Many youngsters who have bipolar disorder can go for years without having their symptoms recognised, health officials have warned.

More must be done to help people recognise the signs of the condition so more people can get earlier access to help, the National Institute for Health and Care Excellence (Nice) said.

The majority of people with the disorder begin to experience symptoms in their teens but they can be misdiagnosed for many years, Nice said.

The health authority has issued updated guidance on the care and treatment of people with bipolar disorder.

The condition, which can affect as many as one in every 100 people, affects people's moods, which can swing from one extreme to another. Those affected experience periods of mania when they feel high and overactive or depression where they feel very low and lethargic.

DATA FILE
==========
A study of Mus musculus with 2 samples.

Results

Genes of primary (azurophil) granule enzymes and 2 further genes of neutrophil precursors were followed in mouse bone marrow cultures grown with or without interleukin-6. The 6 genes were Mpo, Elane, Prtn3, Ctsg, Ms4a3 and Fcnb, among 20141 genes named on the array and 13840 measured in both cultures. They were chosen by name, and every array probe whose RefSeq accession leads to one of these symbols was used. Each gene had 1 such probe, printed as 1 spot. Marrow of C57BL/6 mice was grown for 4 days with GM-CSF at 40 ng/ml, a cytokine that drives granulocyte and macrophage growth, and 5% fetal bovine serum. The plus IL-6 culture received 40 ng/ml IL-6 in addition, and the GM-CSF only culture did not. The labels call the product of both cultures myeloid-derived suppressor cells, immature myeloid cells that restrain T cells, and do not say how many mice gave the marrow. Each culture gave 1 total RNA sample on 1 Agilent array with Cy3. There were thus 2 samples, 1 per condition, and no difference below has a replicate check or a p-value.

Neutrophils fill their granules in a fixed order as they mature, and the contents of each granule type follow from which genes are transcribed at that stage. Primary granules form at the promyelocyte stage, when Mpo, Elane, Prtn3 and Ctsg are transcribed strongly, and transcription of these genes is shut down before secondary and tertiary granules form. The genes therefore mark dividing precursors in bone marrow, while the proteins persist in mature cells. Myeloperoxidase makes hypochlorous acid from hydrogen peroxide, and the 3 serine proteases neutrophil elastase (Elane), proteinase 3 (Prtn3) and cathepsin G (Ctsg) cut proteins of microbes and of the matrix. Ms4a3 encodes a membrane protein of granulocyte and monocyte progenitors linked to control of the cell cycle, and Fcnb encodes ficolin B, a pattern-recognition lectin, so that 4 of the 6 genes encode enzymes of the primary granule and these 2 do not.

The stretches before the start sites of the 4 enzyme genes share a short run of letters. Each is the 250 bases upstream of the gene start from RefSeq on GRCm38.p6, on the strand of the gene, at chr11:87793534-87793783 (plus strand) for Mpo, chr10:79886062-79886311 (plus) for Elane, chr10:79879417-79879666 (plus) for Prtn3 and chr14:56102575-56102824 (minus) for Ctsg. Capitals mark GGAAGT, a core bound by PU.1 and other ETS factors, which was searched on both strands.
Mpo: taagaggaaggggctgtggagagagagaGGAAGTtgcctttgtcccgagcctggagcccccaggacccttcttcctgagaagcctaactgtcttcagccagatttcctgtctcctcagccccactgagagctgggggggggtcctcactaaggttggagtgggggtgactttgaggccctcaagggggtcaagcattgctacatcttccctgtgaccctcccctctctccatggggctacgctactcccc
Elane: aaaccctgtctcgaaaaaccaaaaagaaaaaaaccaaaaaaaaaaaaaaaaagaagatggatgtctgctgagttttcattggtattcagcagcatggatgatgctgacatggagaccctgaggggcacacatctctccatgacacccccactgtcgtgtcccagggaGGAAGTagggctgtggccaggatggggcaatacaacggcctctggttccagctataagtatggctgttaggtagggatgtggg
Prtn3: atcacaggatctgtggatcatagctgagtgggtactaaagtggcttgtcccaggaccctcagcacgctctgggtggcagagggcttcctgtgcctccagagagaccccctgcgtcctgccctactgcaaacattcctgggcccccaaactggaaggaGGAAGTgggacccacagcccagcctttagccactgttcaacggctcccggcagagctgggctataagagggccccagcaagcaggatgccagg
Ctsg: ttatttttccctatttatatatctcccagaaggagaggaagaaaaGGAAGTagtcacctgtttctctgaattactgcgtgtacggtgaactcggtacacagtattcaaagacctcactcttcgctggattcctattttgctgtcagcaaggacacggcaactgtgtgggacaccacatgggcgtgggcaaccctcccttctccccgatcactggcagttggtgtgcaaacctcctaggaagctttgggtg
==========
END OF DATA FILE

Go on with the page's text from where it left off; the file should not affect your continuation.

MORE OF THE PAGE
Professor Mark Baker, director of the Centre for Clinical Practice at Nice, said: "Since the publication of the previous Nice guideline in 2006, there have been some important advances in what we know about which treatment approaches are most likely to benefit people with bipolar disorder.

"The guideline has been updated to reflect this new knowledge and sets out the criteria for when patients need to be referred on for specialist psychiatric assessment and treatment. It also sets out the drug treatment options for people with bipolar disorder and emphasises the need to involve the individual patient in treatment decisions.

"The majority of people with the disorder begin to experience symptoms in their teens. However, it often goes unrecognised or misdiagnosed for many years. More needs to be done to raise awareness of the condition.

"This guideline provides information for young people, parents, carers and professionals on the signs to look out for to recognise the condition early and treat it appropriately."